Prior name: Tornevall Networks RaspTunnel.
What is it?
Tornevall Networks RaspTunnel was an experimental project where we're adding micro servers into in a DMZ-controlled environment is hosting the primary IPv6 connectivity. Main purpose is ipv6 GRE-tunneling with the help from your primary router, which should be configured to route traffic to a DMZ-address, where this micro server, known as Raspberry pi, are the tunnel gateway.
The tunnel project has a primary goal: To configure ipv6 tunnels, where they are normally not reachable (ISP's that for example have no idea of what they are doing), or where the ip range is weakly configured without proper reverse PTR'sTornevall Tunneling is a semi-production project where we were adding microservers into a DMZ-controller environments. The main purpose was to get full IPv6 connectivity through GRE tunneling. The backside of GRE tunneling usually is that it is REQUIRED to put such tunnels primarily as an external first-connection device (by means: The device hosting the GRE tunnel must be your primary inbound connection, which is where the DMZ comes in).
For the moment, to create more stability, we instead build all solutions on OpenVPN which also gives the possibility to aquire local IPv4 addresses if necessary . Or if you like, LAN access.
What is the goal?
There are a few top providers that support IPv6 connectivity already. For example Spacedump AB and Hurricane Electric. Many providers offers connectivity through SIT/GRE/TUN/TAP drivers. One of the goals is to be a in-between layer of the regular tunnels, as they are required to be (like described above) located un-NAT'ed to work. Besides, we offer a reverse-PTR-DNS editor at https://auth.tornevall.net, specifically written to make DNS editing easier.
How does it work?
An installer injects required data into a raspberry pi, which is configured with a static ip address matching the network that needs it. It should be installed at the same ip range as your DHCP server and your incoming gateway shoud be configured with a DMZ-pointer to this machine.
With Tornevall Networks API, the pi will download data required for a controller to connect to the service, since the gateway should (unless the user have full control by themselves) be able to administered from an external point (Tornevall Networks IP-ranges). The API will also be used to configure dynamic tunnels.
As this is based on Linux (Raspian for pi 1, and Ubuntu 16 for pi 2 and pi 3), not only ipv6 tunnels may be considered. However, if there is ipv4 included here, we should make sure that the primary gateway are really routing networks properly. A recommended path for ipv4 tunnels should be somewhere at 10.0.0.0/8
This is a infrastructure issue, so the primary location of the ongoing project issue is located here:
Basically, everything is going to be handled through the pi. There are however an interface that automatically reconfigures the local tunnel ip address in case that is changing. The link looks like this:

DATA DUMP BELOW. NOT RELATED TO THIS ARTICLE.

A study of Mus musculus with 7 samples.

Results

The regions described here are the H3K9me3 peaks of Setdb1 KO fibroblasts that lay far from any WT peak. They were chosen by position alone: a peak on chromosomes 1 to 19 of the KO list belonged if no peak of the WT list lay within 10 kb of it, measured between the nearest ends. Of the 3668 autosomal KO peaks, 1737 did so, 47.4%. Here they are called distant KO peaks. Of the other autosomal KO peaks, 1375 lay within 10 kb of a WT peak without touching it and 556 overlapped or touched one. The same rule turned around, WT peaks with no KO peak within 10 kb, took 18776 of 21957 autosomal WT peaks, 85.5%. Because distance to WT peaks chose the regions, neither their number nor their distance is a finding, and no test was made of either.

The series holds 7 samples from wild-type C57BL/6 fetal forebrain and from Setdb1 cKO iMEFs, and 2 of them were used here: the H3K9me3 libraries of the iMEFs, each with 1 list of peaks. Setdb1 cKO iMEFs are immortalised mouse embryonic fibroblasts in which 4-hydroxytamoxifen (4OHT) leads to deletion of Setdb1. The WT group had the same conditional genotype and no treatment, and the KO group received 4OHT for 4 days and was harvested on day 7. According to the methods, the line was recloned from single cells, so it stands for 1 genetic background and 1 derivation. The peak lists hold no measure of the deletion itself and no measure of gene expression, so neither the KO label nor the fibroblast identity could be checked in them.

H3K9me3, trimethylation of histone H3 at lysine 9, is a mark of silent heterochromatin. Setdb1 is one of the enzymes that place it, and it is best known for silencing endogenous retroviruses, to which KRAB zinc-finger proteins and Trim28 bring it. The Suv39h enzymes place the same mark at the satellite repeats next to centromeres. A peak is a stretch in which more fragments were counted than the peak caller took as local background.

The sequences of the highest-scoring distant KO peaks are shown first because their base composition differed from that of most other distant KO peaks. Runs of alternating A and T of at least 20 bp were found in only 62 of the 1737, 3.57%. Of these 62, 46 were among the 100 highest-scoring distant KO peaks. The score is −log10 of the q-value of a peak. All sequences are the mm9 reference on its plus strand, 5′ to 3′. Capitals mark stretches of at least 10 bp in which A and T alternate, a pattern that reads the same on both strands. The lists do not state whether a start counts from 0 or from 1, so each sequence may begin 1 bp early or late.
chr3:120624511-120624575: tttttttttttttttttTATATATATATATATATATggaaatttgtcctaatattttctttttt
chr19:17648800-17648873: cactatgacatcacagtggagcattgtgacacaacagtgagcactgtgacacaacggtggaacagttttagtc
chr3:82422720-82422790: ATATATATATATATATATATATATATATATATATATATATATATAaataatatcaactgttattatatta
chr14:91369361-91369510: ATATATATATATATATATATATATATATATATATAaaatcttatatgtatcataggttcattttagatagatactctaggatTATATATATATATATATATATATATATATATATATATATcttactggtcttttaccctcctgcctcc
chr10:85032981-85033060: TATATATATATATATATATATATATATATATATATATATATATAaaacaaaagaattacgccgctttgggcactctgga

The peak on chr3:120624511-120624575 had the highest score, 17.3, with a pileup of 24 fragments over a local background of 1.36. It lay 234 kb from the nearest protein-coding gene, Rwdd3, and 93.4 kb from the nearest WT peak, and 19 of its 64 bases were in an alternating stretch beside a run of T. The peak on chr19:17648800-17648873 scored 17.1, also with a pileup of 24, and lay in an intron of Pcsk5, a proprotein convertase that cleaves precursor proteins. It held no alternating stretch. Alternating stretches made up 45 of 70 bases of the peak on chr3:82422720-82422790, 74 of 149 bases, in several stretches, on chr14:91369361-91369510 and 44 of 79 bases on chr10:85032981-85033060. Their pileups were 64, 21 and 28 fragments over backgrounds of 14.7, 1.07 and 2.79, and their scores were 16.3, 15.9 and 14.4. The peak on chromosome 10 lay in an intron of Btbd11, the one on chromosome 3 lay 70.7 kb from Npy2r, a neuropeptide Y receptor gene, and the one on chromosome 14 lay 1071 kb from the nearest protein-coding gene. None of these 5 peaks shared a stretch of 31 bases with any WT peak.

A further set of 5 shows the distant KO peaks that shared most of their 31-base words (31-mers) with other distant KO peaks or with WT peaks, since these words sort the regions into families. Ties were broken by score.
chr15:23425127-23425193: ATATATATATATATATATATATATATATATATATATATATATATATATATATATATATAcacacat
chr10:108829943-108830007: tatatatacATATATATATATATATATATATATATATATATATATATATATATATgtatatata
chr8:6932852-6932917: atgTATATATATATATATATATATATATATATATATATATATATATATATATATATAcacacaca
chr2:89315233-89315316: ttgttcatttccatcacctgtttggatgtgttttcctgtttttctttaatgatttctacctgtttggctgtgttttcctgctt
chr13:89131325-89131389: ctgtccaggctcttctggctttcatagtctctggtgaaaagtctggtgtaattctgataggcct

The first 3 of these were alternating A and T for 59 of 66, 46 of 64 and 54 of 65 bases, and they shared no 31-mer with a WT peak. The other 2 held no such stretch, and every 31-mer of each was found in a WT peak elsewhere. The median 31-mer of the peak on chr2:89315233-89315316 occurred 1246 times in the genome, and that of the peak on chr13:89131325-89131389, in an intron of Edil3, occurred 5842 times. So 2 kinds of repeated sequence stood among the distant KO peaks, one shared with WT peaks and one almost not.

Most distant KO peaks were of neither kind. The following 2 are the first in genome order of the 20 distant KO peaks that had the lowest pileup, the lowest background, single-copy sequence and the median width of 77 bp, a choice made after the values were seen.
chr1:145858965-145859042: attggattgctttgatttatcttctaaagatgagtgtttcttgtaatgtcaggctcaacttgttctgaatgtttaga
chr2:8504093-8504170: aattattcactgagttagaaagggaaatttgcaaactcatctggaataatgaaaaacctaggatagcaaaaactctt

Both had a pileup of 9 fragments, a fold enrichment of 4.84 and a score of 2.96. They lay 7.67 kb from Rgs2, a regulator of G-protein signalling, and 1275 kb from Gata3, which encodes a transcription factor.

One issue with the above address is that it is resolving to both ipv4 networks and ipv6 networks. If there are connection problems, you may want to try the pure ipv4-address instead, like this:
Configuring the tunnel may be done manually with regular commands:
|title||ip tunnel manually|
ip tunnel add <name> mode gre remote <addr>
ip addr <prefix> dev <name>
On the preinstalled raspberry pi there is however scripts that is making thing for you in /usr/local/sbin
|Script||What it does|
|/usr/local/sbin/pi-tunnel.run||Contains the current remote address required on connection and the current prefix.|
It actually runs pi-tunnel.sh in the same path
Automatically configures a tunnel based on the data entered at pi-tunnel.run, so this goes with two parameters:
Yes. They will be there in a new future, since we are not focused on this part. The important thing is that everything is blocked when the pi fires up in production mode, and somehow, some base services only, will be allowed to connect to the DMZ-address.No prior configuration or ip rule settings are required anymore. You only need OpenVPN and permission. Then it is up to you how your local endpoint are configured. Either we give you a simple IPv4/32 or IPv6/128 address, or we give you a /64 IPv6 subnet, as this is the smalles required size of a IPv6 subnet for DHCPv6 to work properly.
DHCP delegation is normally installed clientside. It is also recommended to run dhcp on a /64-prefix. On prefixes higher (65 and up), it may not work properly.
Hurricane electric assigns prefixes by automation. The tunnel types there are based on the SIT-protocol. By requesting directly from them, there won't be any slowdowns in the routing.
Supporting GRE but prefers OpenVPN. See below.
|tunnel-prd.tornevall.net||Round robin based remote server|
|Network/PrfLen||Host Prflen||Prefix/Length*||Inbound Address||OpenVPN Tunnel Assignments||Local Prflen Delegations||Location||if-gw|
* If prefix/length is set to , the uplink is assigned directly at Tornevall Networks. If the networks are defined other ways for example , the entry point assignment is not set at Tornevall Networks SE-level. It is probably assigned elsewhere as a tunnel or similar.
** Special assignments, with (probably) exclusive access (smtp, irc, or a static primary network). Normally, this is not something we assign externally.
Red marked ip ranges is networks that is not ready for assignments yet.